Acoustic Versus Classical Guitars - What's the Difference?
You can probably tell the difference between an acoustic and an electric guitar without any help, even if you've never played before. But if you're trying to figure out what makes an acoustic model different from a classical model, you might need a few hints.
And if you're in the market to buy a guitar, you definitely need to know why these two types of acoustic guitars aren't identical. If you invest in the wrong type of instrument, you won't be able to do the things that you imagined yourself doing when you brought your model home from the music store. The style of music you really want to play is affected - and badly! - by the wrong guitar.
Both acoustic and classical guitars are non-electric; that is, they don't require guitar amps or other electrical things to work. All that you need is a comfy place to sit and the inspiration to play. All sorts of musicians turn to these guitars for mellower songs: sometimes even hard rockers do this just for the "unplugged" sound that these guitars add to their hit tunes.
You can tell the difference between acoustic and classical models just by looking at the guitars. Here are the main physical features that stand out.
Acoustic guitars have:
- Pick guards. These large, plastic guards protect the guitar's finish from your straying pick. Classical guitars don't typically have these guards, as players prefer using their fingernails to pluck the strings.
- Tuning pegs that stick out. They run parallel to the guitar's head.
Classical guitars have:
- Nylon strings. These produce mellower sounds than acoustic guitar strings, which are usually made of metal.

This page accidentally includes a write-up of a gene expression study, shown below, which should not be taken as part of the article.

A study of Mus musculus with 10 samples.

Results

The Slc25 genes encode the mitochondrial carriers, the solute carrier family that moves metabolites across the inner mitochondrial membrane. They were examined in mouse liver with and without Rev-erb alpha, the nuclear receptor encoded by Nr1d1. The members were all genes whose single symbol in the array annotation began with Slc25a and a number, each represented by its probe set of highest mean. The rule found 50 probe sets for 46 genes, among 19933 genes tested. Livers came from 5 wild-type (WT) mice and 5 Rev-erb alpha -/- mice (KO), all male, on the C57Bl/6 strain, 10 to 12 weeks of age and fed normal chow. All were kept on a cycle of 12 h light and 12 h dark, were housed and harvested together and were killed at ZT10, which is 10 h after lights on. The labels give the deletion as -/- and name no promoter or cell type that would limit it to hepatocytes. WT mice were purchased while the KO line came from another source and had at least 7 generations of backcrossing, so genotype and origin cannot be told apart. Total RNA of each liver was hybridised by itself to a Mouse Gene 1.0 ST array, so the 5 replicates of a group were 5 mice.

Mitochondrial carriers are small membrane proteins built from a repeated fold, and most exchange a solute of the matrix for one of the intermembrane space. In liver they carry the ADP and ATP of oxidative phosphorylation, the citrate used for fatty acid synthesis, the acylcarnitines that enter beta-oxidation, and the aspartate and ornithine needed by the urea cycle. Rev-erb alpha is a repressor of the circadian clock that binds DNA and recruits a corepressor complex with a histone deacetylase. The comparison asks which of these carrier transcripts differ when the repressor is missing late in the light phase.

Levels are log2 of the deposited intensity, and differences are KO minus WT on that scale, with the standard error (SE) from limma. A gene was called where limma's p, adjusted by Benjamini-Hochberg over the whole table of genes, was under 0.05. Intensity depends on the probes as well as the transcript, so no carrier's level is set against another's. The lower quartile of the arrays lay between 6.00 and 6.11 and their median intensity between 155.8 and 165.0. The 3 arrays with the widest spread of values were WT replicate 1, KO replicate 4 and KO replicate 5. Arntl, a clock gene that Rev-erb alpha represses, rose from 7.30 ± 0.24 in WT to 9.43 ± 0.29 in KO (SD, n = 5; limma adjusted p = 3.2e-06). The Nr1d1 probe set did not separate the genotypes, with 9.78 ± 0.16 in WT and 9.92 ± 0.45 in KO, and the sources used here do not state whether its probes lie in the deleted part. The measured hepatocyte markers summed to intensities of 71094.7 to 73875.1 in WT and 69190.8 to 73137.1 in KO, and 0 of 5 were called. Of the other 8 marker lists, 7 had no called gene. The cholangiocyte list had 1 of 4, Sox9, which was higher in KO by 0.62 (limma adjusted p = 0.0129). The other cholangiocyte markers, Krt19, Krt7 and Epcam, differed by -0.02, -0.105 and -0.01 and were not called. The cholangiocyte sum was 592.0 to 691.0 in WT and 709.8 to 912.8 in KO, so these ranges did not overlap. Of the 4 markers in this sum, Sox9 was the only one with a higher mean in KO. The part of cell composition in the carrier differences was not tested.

- Tuning pegs that face you when you're holding the guitar in the playing position.
- Wider fret boards. The added width puts more space between each string, which makes finger movements (i.e. cord or note changes) easier.
So, why should you care what the things look like?
First, these two types will sound different from each other. A classical guitar will have a mellower, more subdued sound than an acoustic model will. If you're interested in playing acoustic versions of your favorite hard-rock songs, you want to look at the acoustic section first. But if you think that intricate songs with tons of finger picking are more your style, head to the classical side of the guitar section.
Another thing to think about is how much you love your picks. If you don't like the idea of using your thumb, or all of the fingers on your strumming hand, to pluck the strings, you should go with acoustic. Make sure that the model you buy has a pick guard so that you won't accidentally scratch your new instrument's pristine finish.
Now that you know the basic differences, you can talk to the people at your local music store with a little more confidence. You'll be able to discuss the very basics of the guitars with the employees, which will help you make a better buying decision.
And, with the right guitar in your hands, you'll be that much more motivated to practice, practice, practice.